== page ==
Timothy Zahn to enter the Honorverse

Moggle

 

Parson


---- That said, I will of course read the first book and see how it plays out. --- :D
 

Vertigo

 

Timba

 

Vertigo


It's funny; I do love Weber's work but I seem to struggle with most of the rest of the Baen stable (though I do like Elizabeth Moon).
 

Parson


As for the Baen Stable, I also like Elizabeth Moon, but only in small doses. I seem to tire of universe fairly easily, but then come back to it again. It seems to fall into those books that "I should like, but don't seem to like as much as I think I should." I've had some fun reading the books by Mark Van Name as well. His "Jon and Lobo" series has some pretty good moments in it.
 

Timba

 

Vertigo

That is my hope, Flint seems to be closest in feel to Weber out of the non-Weber HH stuff I have read. So maybe it will be OK.

Parson: I get confused by the different HH 'classifications'. I tend to think in terms of the core HH books, Then Honorverse I treat as being the four complete books: Crown of Slaves (W+F), Torch of Freedom (W+F), Shadow of Saganami (W) and Storm From the Shadows (W). Then the Worlds of Honor books are the short story collections from a number of different authors. It is the latter ones that I have read only one of and only really liked Weber's contribution.

Oh and I had forgotten Bujold. I do like her work but not as much as Moon and Moon not as much as Weber.
 

Parson


Parson: I get confused by the different HH 'classifications'. I tend to think in terms of the core HH books, Then Honorverse I treat as being the four complete books: Crown of Slaves (W+F), Torch of Freedom (W+F), Shadow of Saganami (W) and Storm From the Shadows (W). Then the Worlds of Honor books are the short story collections from a number of different authors. It is the latter ones that I have read only one of and only really liked Weber's contribution.

Oh and I had forgotten Bujold. I do like her work but not as much as Moon and Moon not as much as Weber.
I think that the way you think about the Honorverse makes sense, but I don't believe that's how the author or the publisher makes the qualifications.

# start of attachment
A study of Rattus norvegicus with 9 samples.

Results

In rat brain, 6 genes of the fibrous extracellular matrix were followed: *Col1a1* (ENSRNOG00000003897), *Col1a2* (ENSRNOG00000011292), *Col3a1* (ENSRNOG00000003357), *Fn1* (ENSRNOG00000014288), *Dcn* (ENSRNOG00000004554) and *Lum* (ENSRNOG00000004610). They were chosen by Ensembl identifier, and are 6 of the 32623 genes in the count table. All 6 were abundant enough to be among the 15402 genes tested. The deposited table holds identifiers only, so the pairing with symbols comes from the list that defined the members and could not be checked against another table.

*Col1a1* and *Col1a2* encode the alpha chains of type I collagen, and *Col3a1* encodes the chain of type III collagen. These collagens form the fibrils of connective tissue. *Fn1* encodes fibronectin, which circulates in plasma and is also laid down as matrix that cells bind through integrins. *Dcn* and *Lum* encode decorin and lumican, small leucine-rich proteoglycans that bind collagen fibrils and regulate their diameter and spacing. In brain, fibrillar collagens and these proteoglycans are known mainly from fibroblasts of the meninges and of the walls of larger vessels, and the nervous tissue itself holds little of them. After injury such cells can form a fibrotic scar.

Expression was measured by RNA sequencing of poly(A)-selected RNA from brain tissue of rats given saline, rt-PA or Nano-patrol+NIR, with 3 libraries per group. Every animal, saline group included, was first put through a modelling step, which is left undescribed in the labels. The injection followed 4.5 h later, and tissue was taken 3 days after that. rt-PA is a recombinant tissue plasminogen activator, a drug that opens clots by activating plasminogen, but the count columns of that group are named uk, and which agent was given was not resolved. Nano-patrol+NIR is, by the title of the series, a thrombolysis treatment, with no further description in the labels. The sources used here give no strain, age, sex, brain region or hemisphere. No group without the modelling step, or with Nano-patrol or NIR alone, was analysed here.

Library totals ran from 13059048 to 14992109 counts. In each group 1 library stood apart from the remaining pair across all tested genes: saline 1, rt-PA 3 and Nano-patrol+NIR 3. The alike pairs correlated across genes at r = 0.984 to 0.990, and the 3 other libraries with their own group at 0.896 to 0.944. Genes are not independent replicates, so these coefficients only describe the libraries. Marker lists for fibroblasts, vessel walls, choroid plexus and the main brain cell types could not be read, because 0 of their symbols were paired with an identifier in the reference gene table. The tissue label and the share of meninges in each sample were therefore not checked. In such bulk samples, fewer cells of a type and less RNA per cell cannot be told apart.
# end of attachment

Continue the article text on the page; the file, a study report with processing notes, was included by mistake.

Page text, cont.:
I would agree that the anthologies are the weakest link in the Honorverse. I've read them all (I think) and there are a few memorable stories, a few good stories, and a few I wouldn't have minded missing at all.

Bujold I put in the same category as Moon. I like her universe and it looks like something I should really like, but I can only take it in small doses. On top of that I find Miles to be fairly unlikeable as a hero. (I'm not sure why, but I just do, enough so that I haven't any of the follow up in a number of years.)
 

 

Rodders

 

Vertigo


I confess that other than Weber, Moon and Bujold, I have been pretty unimpressed with most Baen authors I have tried. I thought March Upcountry from Weber and Ringo was just dreadful. So I've not read The Service of the Sword yet (though it is due up sometime soon) and haven't read any other Zahn, so maybe I should move that one up a bit to see what I think.
 

Parson


But Timothy Zahn's Star Wars stuff is highly regarded, If I recall correctly I read one of them. But more importantly I read the first 3 of the "Cobra" series. (I see he has several more out.) But those first 3 were solid. Solid ideas, solid characters, and a solid plot. I'm excited about the prospect.
 

steelyglint


'Spinneret' is a novel with huge ideas. I've hoped for years that he'd turn it into a series, it has so much potential. The 'Cobra' series is good, but not as good, in my poor opinion, as the 'Blackcollar' titles. The 'Conquerors' trilogy is another triumph.

.
 

Vertigo


But Timothy Zahn's Star Wars stuff is highly regarded, If I recall correctly I read one of them. But more importantly I read the first 3 of the "Cobra" series. (I see he has several more out.) But those first 3 were solid. Solid ideas, solid characters, and a solid plot. I'm excited about the prospect.
You know I wondered whether I ought to be giving that series a second chance; I guess you've just answered that one for me ;)

I think it is good that they have pitched this new series so far removed from the HH books. I think Flint has a big problem with his HH books in that they do have a different feel to Weber and yet share the same stage. By setting the new series so far in the past they should avoid that sort of comparison. Also adopting a male protagonist should help with the separation. There's a lot going for it really; they already have a well constructed believable universe that works politically, economically and socially but story-wise they have a (largely) blank canvas. It will be interesting to see what comes out of it.
 

Timba

 

Timba

 

Parson

 

Timba


Was it as good as a Weber only book or even a Weber and Flint book, no probably not but it certainly was a good read.